Last Updated on August 22, 2020

East Africa Struggles with Heavy Rains

East African nations deal with the aftermath of heavy rains

Countries in East Africa have been struggling with the aftermath of heavy rainfalls. The latest being Djibouti, currently going through flash floods. The government of Djibouti and the United Nations have said the equivalent of two years rain fell in a single day in the country.

Between October to mid-November rainfall has been up to 300 percent above average in the East Africa region.


On Thursday, a joint Djibouti-UN statement said up to a quarter of a million people have been affected in recent days in the country on the Red Sea that is home to military bases for the United States, China and others.

With heavy rains forecast through the end of the month, that number could grow.

Djibouti has been called one of the world’s most vulnerable non-island nations in the face of climate change as sea levels rise. Neighbouring Somalia has been hit hard by recent flooding as well.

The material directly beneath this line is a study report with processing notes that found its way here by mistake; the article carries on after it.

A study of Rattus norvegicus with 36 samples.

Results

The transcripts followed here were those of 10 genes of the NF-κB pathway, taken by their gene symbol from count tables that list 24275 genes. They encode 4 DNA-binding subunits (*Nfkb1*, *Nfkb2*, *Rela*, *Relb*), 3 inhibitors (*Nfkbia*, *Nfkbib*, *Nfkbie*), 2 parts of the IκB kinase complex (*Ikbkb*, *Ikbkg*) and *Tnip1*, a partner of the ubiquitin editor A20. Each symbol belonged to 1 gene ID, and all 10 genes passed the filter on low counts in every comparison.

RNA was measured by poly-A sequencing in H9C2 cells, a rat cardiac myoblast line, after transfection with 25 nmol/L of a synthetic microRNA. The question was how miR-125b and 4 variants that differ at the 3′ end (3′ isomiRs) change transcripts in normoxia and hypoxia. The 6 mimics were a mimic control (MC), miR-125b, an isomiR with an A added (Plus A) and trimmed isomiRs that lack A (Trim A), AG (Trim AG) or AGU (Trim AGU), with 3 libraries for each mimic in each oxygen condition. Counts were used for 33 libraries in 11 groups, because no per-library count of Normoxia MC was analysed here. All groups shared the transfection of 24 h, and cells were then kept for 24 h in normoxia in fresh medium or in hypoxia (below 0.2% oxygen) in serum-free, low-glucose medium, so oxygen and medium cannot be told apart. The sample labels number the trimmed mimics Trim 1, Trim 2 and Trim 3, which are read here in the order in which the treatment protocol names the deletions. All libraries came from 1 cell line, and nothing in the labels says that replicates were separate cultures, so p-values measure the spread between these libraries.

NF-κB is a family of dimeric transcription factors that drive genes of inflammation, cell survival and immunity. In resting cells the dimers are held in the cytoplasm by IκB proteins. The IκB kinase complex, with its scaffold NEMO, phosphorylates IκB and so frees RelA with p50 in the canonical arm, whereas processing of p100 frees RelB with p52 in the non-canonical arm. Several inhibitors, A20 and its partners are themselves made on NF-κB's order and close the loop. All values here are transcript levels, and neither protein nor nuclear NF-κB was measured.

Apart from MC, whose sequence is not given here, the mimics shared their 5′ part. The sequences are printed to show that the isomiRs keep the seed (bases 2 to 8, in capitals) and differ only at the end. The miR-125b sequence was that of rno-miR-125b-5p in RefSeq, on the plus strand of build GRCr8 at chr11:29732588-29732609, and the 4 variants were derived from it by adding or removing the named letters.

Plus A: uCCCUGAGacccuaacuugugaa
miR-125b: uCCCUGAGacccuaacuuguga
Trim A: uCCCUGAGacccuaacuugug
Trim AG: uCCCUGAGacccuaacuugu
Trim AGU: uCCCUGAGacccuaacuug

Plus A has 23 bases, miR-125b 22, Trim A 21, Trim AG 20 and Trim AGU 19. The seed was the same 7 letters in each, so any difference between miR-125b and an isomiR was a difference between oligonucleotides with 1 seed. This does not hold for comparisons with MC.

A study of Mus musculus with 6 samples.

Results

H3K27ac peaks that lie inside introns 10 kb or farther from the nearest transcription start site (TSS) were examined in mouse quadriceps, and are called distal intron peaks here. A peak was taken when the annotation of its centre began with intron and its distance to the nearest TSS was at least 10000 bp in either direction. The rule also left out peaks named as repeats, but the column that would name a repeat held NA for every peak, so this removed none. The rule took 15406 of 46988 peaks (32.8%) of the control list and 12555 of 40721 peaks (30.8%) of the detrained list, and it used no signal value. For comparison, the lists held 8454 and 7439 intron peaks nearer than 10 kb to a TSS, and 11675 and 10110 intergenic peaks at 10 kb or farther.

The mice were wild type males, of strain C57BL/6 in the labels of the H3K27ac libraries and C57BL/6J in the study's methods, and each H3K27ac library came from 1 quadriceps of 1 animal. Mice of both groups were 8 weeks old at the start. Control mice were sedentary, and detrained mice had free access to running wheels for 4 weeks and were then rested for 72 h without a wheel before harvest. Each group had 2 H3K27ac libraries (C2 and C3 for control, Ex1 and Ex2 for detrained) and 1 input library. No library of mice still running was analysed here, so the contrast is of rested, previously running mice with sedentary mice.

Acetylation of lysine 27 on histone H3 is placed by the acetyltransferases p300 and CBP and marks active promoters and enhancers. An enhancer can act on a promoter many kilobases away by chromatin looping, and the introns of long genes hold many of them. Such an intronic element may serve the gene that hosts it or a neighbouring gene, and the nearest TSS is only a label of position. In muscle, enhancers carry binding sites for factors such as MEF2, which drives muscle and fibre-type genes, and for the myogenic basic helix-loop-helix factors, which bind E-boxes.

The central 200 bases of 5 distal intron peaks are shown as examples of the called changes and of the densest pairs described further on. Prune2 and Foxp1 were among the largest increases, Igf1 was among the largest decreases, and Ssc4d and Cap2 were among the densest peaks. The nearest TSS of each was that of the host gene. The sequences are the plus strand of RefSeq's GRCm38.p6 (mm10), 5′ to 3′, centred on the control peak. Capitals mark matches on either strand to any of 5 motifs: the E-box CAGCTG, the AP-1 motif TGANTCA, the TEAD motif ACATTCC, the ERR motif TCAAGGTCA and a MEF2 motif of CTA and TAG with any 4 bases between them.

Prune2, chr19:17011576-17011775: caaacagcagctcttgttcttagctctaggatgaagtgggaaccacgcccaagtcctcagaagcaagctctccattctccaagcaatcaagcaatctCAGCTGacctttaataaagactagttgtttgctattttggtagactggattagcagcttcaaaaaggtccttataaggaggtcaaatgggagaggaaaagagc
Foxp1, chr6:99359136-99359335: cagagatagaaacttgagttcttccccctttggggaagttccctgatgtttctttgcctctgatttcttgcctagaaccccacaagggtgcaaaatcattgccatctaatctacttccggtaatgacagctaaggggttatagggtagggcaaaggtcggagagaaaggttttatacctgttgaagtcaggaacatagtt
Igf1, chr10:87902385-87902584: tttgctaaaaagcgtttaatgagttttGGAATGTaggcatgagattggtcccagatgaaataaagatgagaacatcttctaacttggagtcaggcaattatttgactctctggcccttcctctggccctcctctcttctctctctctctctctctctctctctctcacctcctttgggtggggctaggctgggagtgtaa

Heavy Rains and Deadly floods in Kenya

In Kenya, East Africa’s economic hub, the government said 120 people have been killed in flooding and mudslides during an unusually severe rainy season. More than 60 died over the weekend in West Pokot county.

Tens of thousands of people across the country have been displaced, while infrastructure has been damaged, making aid delivery more difficult.

Doctors are worried that diseases, especially waterborne ones, might spread. Some survivors are struggling.

One local official expressed frustration over relief efforts, asserting that the national government’s response to the disaster has been slow and insufficient. The official spoke on condition of anonymity as he was not authorised to speak to the media.

Two villages with almost 5,000 residents in all remain cut off from the rest of the world several days after the flooding.

Governor John Lonyang’apuo said people lacked food because of the slow pace of assistance, saying a helicopter should be operating full time for the duration of the relief efforts.

Spokesman Cyrus Oguna denied that the national government was frustrating relief efforts, saying Kenya’s military was helping to repair damaged roads.